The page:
When you visit these Italian monasteries, you can eat as monks have eaten for centuries.
Italian monasteries are famous for their stunning architecture, their contemplative atmosphere and for carrying on some of the most long-standing food traditions in the country. From Trentino, in northern Italy, all the way down to Sicily, here is a list of the monastic complexes where you can eat like a monk.
1. Monastery of Santa Scholastica, Latium
Nestled along the cliffs bordering the pristine Aniene Valley, just a few miles from Rome, the Benedictine Monastery of St. Scholastica, also known as Subiaco Abbey, is the only surviving monastery of the 12 monasteries founded by Benedictines during the Middle Ages.
Built in the 8th century and expanded over the following centuries, it features elements of Gothic and Romanesque architecture, including a Gothic style refectory on the west wing of the cloister. For the past 500 years Benedictine monks have been diligently working to turn fresh produce from the monastery’s vegetable garden into gastronomic delicacies. From deep-fried zucchini flowers stuffed with ricotta to pasta with fresh mushrooms and peas and ham filled with pistachios, Santa Scholastica is a trove of gastronomic treasures.
The monastery is open to the public. You can spend the night or visit the refectory to enjoy one of the Benedictine recipes prepared by monks. To book visits, send an email to email@example.com.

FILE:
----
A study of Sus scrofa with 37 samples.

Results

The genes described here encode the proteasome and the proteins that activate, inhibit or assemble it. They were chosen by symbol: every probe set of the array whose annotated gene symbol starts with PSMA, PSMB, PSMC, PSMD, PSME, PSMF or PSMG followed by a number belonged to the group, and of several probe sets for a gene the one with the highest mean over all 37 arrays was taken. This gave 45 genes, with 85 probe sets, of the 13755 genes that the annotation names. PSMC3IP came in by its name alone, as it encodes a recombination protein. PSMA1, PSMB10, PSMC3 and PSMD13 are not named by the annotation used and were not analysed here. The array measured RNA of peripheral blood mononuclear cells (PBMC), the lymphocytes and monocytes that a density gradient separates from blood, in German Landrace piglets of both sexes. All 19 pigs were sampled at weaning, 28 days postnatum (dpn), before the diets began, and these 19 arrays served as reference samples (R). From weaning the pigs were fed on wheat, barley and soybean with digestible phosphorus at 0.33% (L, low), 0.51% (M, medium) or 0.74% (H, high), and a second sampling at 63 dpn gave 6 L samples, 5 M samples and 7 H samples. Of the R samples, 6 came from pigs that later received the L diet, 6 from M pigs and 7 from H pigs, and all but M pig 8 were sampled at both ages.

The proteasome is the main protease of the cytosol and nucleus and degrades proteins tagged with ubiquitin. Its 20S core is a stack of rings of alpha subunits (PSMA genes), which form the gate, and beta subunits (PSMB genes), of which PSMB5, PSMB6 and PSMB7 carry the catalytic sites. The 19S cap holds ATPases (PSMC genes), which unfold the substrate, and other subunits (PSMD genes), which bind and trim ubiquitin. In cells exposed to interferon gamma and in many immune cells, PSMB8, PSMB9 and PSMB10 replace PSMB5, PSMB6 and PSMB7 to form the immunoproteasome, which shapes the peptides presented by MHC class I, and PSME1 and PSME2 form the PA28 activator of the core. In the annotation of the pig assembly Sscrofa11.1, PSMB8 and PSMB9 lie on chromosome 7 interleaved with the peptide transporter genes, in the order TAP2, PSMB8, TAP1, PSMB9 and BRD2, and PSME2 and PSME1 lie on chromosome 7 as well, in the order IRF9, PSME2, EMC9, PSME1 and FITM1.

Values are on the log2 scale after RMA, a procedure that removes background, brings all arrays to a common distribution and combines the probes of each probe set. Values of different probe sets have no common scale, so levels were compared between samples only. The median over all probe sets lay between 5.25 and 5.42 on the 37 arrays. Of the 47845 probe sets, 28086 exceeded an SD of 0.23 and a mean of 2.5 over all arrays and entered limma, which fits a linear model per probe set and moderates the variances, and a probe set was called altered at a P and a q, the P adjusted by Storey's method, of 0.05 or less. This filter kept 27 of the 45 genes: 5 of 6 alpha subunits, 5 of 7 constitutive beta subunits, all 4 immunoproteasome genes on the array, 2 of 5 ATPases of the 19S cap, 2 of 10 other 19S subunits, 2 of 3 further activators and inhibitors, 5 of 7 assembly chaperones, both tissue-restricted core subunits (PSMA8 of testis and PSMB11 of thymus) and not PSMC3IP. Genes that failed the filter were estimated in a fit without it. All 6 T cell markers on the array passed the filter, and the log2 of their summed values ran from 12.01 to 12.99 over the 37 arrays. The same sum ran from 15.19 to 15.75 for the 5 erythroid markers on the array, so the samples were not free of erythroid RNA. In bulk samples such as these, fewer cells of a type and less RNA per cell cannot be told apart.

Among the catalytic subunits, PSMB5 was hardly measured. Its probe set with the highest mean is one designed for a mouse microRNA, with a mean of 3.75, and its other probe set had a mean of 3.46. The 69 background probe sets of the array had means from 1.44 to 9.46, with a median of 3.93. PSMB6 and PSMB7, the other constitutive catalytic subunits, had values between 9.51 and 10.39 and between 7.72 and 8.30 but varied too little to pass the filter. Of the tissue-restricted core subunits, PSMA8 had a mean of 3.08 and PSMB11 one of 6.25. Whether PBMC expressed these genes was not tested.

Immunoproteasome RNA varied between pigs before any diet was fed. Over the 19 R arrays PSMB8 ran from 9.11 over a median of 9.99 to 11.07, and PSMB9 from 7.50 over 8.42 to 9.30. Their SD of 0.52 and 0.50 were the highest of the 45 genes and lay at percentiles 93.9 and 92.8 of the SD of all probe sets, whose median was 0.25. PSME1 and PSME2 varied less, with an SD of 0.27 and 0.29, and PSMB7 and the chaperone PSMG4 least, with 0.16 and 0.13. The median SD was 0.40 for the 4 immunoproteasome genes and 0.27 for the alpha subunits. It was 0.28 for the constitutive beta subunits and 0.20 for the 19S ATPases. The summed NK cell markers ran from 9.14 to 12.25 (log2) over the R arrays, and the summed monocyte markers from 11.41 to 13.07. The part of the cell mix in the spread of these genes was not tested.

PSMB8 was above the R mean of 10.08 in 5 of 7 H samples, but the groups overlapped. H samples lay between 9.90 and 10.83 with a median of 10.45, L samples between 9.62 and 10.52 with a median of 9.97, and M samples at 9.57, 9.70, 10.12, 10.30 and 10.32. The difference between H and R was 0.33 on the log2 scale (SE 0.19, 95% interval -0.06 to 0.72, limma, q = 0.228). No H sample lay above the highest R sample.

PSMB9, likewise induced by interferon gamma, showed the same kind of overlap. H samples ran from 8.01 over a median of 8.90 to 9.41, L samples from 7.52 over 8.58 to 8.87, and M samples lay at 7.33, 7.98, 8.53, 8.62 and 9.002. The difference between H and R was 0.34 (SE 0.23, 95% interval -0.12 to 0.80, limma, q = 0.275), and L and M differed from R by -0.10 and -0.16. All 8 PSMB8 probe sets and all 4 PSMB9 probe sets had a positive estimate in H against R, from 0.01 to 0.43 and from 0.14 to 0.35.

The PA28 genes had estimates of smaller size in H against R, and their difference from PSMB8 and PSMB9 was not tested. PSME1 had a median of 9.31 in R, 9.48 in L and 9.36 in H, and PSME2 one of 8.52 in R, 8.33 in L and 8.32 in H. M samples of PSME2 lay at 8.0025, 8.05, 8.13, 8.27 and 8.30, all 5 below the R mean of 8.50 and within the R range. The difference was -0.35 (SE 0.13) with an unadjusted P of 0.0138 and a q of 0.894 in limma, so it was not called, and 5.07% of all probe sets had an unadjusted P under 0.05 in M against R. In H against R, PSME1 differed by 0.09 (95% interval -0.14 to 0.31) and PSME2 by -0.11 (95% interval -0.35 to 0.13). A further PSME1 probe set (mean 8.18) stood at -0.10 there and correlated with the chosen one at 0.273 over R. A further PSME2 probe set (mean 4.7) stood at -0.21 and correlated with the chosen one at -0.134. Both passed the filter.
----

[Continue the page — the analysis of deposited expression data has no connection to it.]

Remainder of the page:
2. Abbey of the Holy Spirit, Caltanissetta, Sicily
Built in the 12th century by order of Count Roger I of Sicily, the Abbey of the Holy Spirit is one of the finest examples of Norman architecture on the island. It attracts thousands of visitors each year for its fine architecture, its rich collection of art including a mosaic of Christ, and its famous selection of delicious treats. Thanks to the dedication of Cistercian nuns, an order that spun off from the Benedictine order, the abbey has been the backdrop of many innovative Sicilian desserts. From the “pistachio cous cous” (a sweet and crunchy crumble made of pistachios, almonds, cinnamon and chocolate) to “buccellato ai fichi” (a swirled pastry filled with dried figs and chocolate), the Abbey of the Holy Spirit’s desserts rival that of any local pastry shop.